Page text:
CHARLESTON -- Inching closer to the general election, incumbent state Rep. Reggie Phillips, R-Charleston, sees the criticism he has received about where his allegiances lie, specifically in regard to Eastern Illinois University, as purely political.
“Nobody was working harder for Eastern Illinois University than me,” Phillips said. “This perception that I am wanting to see my business close is insane. Oh yeah, that would be fun. I love the idea of going bankrupt.”
In this last year of Phillips’ term as the 110th District state representative, he has garnered judgment of the way in which he represented EIU.
This judgment stemmed from issues that arose in his district’s university. Eastern, along with the most other state universities, struggled without any funding from the state for over a year. Much of the criticism of Phillips centered around him voting against bills that would have technically appropriated money to the university.
Phillips and other Republicans saw these bills as empty gestures without a reliable funding source to back them up.
Later, most of the Illinois General Assembly, including Phillips, backed a couple of stopgap funding bills to get the universities through to the first part of next year.
This funding is only expected to take the universities to December, though, and Phillips said he plans to make sure Eastern has the money to make it through that date moving forward.
He noted it is important that the next slate of funding to universities is not stopgap funding, but full appropriation support for the rest of the year. Although should there be no other way, he said he would make sure to get stopgap funding for Eastern at least.
Aside from the university, Phillips said he is focused on ensuring Illinois is business friendly through “structural reforms,” which he said has not been the case for years.
“Everybody would like to own their own business someday,” Phillips said. “That’s my big message going up there (to Springfield). Education is important, but without jobs what good is an education? They are hand in hand.”
These reforms include tort law, workers' compensation, pension and prevailing wage reform in the state.
Many of these reforms have been sticking points for Gov. Bruce Rauner and other Republican leaders in the state over the past year. Phillips has said he is in support of many of Rauner’s reforms.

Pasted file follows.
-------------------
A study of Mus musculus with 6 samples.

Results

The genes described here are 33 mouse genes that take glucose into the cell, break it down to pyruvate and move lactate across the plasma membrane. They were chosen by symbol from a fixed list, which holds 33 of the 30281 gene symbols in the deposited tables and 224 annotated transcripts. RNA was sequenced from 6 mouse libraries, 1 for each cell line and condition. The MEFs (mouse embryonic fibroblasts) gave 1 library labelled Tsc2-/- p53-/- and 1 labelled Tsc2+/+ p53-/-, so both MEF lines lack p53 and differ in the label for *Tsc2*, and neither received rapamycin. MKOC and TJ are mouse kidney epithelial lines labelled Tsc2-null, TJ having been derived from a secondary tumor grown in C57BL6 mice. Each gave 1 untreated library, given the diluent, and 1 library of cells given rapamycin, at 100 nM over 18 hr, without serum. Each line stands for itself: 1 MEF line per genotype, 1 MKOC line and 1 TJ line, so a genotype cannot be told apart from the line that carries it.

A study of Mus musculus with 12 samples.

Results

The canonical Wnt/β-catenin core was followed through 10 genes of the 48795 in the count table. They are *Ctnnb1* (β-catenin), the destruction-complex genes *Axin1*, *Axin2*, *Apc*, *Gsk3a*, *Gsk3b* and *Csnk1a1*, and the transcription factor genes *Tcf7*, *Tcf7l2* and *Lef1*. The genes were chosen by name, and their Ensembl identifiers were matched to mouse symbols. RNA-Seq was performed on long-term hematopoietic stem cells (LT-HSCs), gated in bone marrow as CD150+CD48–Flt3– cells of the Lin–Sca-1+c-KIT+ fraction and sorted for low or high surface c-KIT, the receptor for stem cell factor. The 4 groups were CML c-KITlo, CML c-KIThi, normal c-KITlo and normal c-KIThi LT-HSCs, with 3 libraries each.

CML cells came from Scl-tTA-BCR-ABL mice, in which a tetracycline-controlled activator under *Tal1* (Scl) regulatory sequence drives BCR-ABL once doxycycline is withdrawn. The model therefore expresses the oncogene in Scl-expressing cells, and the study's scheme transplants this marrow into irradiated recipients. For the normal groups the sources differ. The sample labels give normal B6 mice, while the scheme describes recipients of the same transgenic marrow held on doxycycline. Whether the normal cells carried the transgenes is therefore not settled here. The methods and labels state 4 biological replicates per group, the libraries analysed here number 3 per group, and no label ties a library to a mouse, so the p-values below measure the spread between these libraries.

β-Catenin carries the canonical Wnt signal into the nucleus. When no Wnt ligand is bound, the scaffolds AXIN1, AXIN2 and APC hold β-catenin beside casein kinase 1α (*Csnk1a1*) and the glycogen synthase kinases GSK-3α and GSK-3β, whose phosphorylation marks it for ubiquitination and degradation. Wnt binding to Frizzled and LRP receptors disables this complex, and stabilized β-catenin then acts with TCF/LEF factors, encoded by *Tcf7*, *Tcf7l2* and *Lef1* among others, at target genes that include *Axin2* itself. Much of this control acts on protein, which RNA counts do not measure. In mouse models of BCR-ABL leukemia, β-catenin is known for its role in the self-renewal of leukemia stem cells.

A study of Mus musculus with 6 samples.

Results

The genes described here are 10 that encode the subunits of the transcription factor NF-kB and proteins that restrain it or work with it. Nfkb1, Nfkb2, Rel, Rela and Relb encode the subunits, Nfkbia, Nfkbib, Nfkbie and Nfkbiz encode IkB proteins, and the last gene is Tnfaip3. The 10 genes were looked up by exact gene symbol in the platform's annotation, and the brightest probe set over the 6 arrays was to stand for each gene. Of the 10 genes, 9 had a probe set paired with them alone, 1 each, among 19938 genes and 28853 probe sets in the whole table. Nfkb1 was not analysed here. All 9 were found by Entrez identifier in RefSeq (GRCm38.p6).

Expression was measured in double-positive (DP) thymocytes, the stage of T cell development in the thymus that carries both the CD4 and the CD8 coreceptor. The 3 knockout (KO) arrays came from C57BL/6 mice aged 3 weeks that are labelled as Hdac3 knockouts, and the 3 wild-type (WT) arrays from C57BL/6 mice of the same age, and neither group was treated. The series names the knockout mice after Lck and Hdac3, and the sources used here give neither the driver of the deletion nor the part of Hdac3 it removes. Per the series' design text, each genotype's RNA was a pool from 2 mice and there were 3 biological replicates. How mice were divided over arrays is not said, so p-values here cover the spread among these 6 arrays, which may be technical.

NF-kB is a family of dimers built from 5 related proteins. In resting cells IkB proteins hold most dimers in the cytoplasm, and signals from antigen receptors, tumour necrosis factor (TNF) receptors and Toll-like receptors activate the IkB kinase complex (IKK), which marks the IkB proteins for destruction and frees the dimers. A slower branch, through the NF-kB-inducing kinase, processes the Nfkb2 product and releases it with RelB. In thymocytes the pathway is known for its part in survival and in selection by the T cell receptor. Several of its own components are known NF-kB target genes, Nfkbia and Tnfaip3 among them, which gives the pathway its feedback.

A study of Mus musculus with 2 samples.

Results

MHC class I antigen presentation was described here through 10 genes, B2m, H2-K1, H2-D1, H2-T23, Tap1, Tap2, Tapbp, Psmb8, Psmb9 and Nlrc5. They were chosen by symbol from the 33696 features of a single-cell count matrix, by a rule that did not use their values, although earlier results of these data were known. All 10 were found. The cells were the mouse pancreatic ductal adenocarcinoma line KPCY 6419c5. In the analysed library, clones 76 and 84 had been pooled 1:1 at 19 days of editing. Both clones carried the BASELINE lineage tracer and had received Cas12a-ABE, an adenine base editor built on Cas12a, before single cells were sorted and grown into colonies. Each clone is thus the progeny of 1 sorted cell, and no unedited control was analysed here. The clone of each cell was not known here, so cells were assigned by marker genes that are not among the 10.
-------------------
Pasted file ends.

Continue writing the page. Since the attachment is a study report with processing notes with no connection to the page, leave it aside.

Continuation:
Phillips believes these reforms are necessary to not only service business growth, but also crucial toward whittling down the growing debt the State of Illinois has incurred over the years. Phillips said workers' compensation law, specifically, should be changed.
As the state stands now, the number of hoops businesses have to go through is ridiculous, according to Phillips.
He said he understands cuts and reforms cannot fix it all, though. He would consider increases to taxes, specifically the corporate income tax, but only if state legislators take a hard look at some of those reforms.
“I am willing to talk about (corporate income taxes) if we can couple that with reforms,” Phillips said. “You can’t have one without the other.”
He said he just wants to minimize the inevitable hikes in taxes.
Should he be re-elected, Phillips said he would also focus changing some ways in which the state is run.
Other than calling for term limits and redistricting as he has rallied for in the state, he is also calling for a biennial budget cycle in order for it to avoid election cycles as well as ensure that should a budget not be in place, legislators are not paid.
“I bet (passing the budget) wouldn't be as controversial, now would it?” Phillips said.
While not a primary focus, he said he would also like to see longer budget cycles, potentially four-year budget cycles, for higher education instead of the current annual system so that when a student is enrolled at a university he or she knows that university will have money for his or her entire time there with no hiccups.
Phillips is contested by Dennis Malak in the race to be the local state representative for the next two years. The incumbent said he plans to make good on his promise to remain a two-term representative should he win; however, he would not rule out the possibility of running for a third term should he be called upon to do so.
“If I truly felt like we are moving the ball and that it was so important that I stay, we can look at that then,” Phillips said. “I’ll be 65 years old and I already got gray hair.”